Donte Alston had been sleeping in his car parked outside the Home Depot where he worked, and then he lost both.
He couch surfed for a while with new friends and got addicted to prescription pills and lean, a drink of codeine and cough syrup with promethazine.
That was Alston’s life on April 5, 2017, according to his defense attorney, when he robbed a Smyrna bank at gunpoint and led cops on a high-speed chase. The 23-year-old was sentenced to 10 years and a month in prison on Tuesday.
Alston was wearing a mask and gloves when he walked into the Fifth Third Bank on Cobb Parkway and pointed a pistol at a clerk, demanding money.
He left with about $2,500 in a backpack, but didn’t know the cash came with a GPS tracker.
Cops said Alston led them on a chase in a 2006 silver Chevy Aveo through local roads, sometimes hitting 70 mph, before he hydroplaned into a fence. Officers found the cash and a loaded gun in the car.
All this came as a shock to his mother, siblings and loved ones who wrote the judge asking for leniency. In all, the judge received 11 letters from supporters, many of whom mentioned how Alston handled being the only male of his seven siblings and mother. His family said that, after his parent’s divorce and the departure of his father, Alston became the man of the house as a pre-teen.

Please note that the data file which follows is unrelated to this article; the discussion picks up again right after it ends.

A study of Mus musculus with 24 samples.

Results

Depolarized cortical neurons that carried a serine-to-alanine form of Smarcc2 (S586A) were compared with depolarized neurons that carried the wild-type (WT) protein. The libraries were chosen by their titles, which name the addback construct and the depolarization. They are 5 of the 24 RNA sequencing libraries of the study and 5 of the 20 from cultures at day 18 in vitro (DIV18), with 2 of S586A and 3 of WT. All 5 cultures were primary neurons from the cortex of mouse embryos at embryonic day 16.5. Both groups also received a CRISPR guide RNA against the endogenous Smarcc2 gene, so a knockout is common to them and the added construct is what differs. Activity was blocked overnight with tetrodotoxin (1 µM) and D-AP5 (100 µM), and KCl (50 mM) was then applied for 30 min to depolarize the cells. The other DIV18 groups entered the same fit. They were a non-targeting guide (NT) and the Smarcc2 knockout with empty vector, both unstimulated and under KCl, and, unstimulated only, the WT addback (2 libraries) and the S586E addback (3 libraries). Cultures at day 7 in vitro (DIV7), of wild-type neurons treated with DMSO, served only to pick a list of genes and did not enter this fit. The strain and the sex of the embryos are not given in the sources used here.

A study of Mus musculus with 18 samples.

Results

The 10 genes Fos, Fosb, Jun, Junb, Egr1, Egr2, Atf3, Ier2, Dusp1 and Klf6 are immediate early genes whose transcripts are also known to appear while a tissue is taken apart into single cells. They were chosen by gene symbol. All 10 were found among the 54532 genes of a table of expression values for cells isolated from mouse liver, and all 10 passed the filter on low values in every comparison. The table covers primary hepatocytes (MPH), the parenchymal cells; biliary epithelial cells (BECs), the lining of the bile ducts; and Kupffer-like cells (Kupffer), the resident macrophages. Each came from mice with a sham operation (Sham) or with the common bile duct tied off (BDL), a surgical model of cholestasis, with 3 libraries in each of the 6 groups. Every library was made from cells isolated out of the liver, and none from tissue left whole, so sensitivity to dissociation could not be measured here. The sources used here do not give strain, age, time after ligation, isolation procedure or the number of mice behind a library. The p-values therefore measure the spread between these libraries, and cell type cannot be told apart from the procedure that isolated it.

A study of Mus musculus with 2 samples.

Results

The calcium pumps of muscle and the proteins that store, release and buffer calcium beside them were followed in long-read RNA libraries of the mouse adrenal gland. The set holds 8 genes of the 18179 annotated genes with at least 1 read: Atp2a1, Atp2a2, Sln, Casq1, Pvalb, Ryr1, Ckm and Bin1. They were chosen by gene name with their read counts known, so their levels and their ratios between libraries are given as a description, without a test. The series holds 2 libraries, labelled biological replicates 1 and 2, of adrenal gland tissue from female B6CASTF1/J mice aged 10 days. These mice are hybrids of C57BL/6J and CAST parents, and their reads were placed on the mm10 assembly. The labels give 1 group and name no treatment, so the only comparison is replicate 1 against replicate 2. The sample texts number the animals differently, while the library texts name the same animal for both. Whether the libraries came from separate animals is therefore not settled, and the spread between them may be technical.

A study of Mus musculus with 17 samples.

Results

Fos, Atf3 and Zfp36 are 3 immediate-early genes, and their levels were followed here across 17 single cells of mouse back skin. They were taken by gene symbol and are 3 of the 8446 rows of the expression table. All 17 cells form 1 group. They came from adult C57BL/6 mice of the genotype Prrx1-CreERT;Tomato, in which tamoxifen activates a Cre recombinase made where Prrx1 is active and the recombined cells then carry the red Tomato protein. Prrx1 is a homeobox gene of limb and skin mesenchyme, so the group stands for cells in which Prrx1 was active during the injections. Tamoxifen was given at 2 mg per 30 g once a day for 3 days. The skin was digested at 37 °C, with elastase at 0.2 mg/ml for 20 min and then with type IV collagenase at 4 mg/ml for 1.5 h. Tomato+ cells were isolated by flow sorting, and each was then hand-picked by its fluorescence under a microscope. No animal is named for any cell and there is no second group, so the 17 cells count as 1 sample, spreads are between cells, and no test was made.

He became legal guardian to one of his younger sisters when she was 15. She wrote that she knows her brother’s crimes. “However, it doesn’t change the fact (that) he’s a good man.”
The judge also received all sorts of pictures of Alston, including him as a baby holding a box of Mr. Bubble and of him graduating from North Paulding High School.
Alston’s attorney entered into evidence his high school transcript and job reviews from three years in the lumber section of Home Depot on Cumberland Parkway.
This was all to convince the judge to give Alston the minimum sentence of seven years.
“Alston asks that the Court consider the totality of his short life in deciding the sentence in this case and not only what he did on his worst, darkest day,” his defense attorney Courtney O’Donnell wrote.
O’Donnell was not immediately available for comment Thursday.
After his decade-long prison term, Alston will live three years on supervised release.